Here you can see a diverse range of architectural structures dating from many time periods. Everything from the Cathedral tower (500 years old) to the new Derby swing bridge over the River Derwent which has only just opened to the public.
See also the VR the Derby Cathedral Green VR tour
Points of interest in this Panorama
This is the swing bridge at the Derby's new look, multi-million pound Cathedral Green. The project began in August 2007 and it opened to the public on March 20th, 2009, at a cost of £4.2m.
This multi-million-pound facelift has new seating, paving, terracing, lighting and planting have been included in the
project and the new footbridge links the Green with Stuart Street. This refurbished public space is expected to be particularly popular in the summer.
In the distance (looking at end of the swing bridge) you can see Derby Cathedral. The building became a cathedral by Royal Charter in 1927, previously it was known as All Saints' Church. The tower (64.8 metres tall) of Derby Cathedral was built 1510 to 1530. Most of the building dates from 1725. The cathedral contains the oldest ring of ten bells in the United Kingdom.
In 2005, it was discovered that several Peregrine falcons had taken up residence on the Cathedral Tower. In 2006 a nesting platform was installed and they have returned every year since. These birds have become web celebrities due to the fact that webcams were installed in 2007 so people can log on and watch their lives online. Derby Cathedral Peregrine Project with Live webcams
Derby Power station
Occupied most of this site and was demolished in 1970. Today all that remains of this station is some distribution transformers which are hidden out of view by these walls. You only know they are there if you go on a Derby Cathedral Tower Open day. This allows you to look down into the walled-off area or by looking here
On the far right of the walled area is a crane building Jurys Inn hotel on King Street. Once completed, this £25m hotel will have 226 bedrooms and be one of Derby's tallest buildings. This three-star hotel is scheduled to open in July 2009.
The Bakewell Gates
These Grade II listed wrought iron gates were built in 1725 by Robert Bakewell (England's foremost wrought ironsmith) Between 1934 and 1988 these gates stood beside the library in the Wardwick. Note you can get a real close look at these decorative gates in my Virtual Tour, link below. Bakewell also produced screens for churches and screens and tables to adorn houses and public buildings throughout the midlands.
In 1706 Bakewell took up residence in Melbourne, South Derbyshire, working for Thomas Coke of Melbourne Hall, where he produced his magnificent Wrought iron arbor, sometimes called the birdcage, in Coke's gardens. It is still there today.
The Silk Mill Museum
Derby's Museum of Industry and History is housed in a former Silk Mill which opened on November 29,1974. It was built on the site of the world's oldest factories, the Silk Mills built by George Sorocold in 1702 and 1717.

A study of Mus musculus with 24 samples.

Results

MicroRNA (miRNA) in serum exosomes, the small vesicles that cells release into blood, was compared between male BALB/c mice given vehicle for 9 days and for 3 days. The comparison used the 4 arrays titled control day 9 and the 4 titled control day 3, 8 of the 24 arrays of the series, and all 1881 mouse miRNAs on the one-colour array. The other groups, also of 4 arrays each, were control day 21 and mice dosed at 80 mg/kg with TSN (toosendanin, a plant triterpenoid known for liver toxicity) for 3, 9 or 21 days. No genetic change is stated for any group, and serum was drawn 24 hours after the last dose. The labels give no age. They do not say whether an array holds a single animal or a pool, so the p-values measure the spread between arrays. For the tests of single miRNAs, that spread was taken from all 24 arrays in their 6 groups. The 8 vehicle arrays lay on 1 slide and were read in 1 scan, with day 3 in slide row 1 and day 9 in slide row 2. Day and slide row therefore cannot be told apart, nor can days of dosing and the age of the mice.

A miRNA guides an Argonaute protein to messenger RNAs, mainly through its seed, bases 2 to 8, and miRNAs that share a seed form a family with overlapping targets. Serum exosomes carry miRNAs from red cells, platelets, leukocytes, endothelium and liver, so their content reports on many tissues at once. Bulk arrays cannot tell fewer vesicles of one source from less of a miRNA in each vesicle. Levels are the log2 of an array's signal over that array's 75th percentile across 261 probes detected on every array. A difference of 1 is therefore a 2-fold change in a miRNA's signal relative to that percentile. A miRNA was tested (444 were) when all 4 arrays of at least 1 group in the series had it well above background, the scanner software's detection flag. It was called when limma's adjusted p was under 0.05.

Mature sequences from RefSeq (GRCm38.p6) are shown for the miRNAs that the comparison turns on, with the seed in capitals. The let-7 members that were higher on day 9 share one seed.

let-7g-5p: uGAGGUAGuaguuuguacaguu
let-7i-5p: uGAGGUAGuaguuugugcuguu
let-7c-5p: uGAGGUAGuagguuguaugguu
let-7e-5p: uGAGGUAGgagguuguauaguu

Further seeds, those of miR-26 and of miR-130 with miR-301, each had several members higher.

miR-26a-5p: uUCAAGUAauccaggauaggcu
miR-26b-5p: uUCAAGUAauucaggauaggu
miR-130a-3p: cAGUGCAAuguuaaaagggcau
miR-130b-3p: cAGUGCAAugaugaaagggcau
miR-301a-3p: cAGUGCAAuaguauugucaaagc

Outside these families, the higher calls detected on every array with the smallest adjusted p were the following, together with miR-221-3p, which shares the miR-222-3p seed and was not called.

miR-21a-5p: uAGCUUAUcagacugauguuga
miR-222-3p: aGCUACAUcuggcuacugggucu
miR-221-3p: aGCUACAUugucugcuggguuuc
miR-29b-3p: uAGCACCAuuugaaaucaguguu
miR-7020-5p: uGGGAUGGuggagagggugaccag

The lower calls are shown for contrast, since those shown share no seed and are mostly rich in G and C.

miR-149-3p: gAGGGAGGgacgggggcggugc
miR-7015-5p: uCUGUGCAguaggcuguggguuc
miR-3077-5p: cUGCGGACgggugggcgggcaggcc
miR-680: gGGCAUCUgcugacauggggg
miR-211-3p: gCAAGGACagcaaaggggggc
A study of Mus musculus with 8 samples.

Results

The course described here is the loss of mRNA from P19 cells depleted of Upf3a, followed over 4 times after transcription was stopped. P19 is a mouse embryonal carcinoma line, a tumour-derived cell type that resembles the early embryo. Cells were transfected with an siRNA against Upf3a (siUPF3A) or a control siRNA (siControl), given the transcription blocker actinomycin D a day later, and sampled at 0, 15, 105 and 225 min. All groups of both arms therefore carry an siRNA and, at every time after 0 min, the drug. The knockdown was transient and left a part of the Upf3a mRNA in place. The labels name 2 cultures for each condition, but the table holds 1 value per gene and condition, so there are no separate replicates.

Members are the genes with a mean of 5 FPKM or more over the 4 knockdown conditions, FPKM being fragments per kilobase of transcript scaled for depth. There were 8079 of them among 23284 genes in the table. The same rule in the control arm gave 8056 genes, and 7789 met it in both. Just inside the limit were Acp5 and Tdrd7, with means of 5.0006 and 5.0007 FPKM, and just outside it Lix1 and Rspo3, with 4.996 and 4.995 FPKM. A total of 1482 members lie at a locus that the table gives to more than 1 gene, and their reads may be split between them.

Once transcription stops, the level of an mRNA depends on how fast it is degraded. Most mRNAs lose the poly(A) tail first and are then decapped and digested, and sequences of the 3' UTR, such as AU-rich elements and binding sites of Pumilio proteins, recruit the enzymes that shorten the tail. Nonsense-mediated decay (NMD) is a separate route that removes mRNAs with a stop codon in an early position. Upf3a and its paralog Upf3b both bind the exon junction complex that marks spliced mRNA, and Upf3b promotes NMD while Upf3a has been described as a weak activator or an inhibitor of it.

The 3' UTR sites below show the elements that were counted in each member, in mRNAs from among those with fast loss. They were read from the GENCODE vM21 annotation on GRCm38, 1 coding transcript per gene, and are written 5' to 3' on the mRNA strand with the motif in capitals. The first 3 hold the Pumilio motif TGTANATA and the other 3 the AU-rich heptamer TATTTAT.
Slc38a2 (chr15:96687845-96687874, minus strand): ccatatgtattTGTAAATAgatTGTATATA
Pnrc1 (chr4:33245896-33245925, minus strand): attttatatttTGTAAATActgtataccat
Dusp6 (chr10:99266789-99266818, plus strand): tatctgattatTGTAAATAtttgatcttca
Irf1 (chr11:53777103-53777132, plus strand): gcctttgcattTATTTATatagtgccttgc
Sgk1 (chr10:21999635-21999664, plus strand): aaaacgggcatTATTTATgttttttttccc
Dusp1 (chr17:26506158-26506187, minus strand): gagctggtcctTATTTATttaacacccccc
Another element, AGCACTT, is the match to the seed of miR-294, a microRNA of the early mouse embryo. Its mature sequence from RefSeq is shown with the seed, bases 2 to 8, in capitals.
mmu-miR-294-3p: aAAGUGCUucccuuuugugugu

The foundations and parts of the tower from the 1717 mill are still visible. This mill was built to house machines for "doubling" or twisting silk into thread. John Lombe copied the design for the machines used for spinning large quantities
of silk, during a period spent in Italy, working within the Italian Silk Industry. This was possibly the first example of industrial espionage. On December 5, 1910 a fire broke out in the adjacent flour mill of Sowter Bothers and soon engulfed the Silk Mill. Great efforts were made by the Borough Fire Brigade and the Midland Railway Company who saved the shell of the tower.
The building was rebuilt at the same height but with three stories instead of five and the tower placed back on top.
Derby's Museum of Industry and History.
The Derwent rises in the Peak District at Bleaklow river and ends at Derwent Mouth (east of Shardlow), where it flows into the River Trent.
The first bridge you can see over the Derwent (upstream) is Causey Bridge
which carries the Inner Ring Road, It was built in 1969. The bridge immediately behind that one is St Mary's Bridge
which was built in 1794. To the left of this, on the river bank, sits the chapel of St. Mary built in 1450, one of only five remaining bridge-chapels in England.
The next building to the right is Staurt Street Apartments, built on the former Eggleston Brothers site in a £14m project.
The first bridge downstream on the River Derwent is Exeter Bridge,which opened on March 13th, 1931, by the then Minister of Transport, Herbert Morrison.
Derby's Museum of Industry and History forms part of the Derwent Valley Mills World Heritage Site
which runs from the museum for 15 miles along the river Derwent to Matlock Bath's Masson Mills. www.derwentvalleymills.org/
VR Tour of Derby Cathedral green
If you would like to explore the new Derby Cathedral Green area in more detail then visit my Virtual Tour
of the area.
This consists of several high resolution Flash based 360s which are interconnected via hotspots enabling you
to wander around and have a good look at the area from many different angles.
Start the VR tour by clicking here:
Derby Cathedral Green VR tour
Even More information
Maps: Google Streetview captured the lorry delivering the mechanical control mechanism for the bridge when they were parked up
Birds eye view of this area (taken before the Cathedral Green was revamped)
Some of my other Panoramas of Derwent Valley Mills World Heritage Sites
Leawood Pumping Station
Masson Mills Textile Museum
Photographs of the Industrial Museum & Full Street areas of Derby.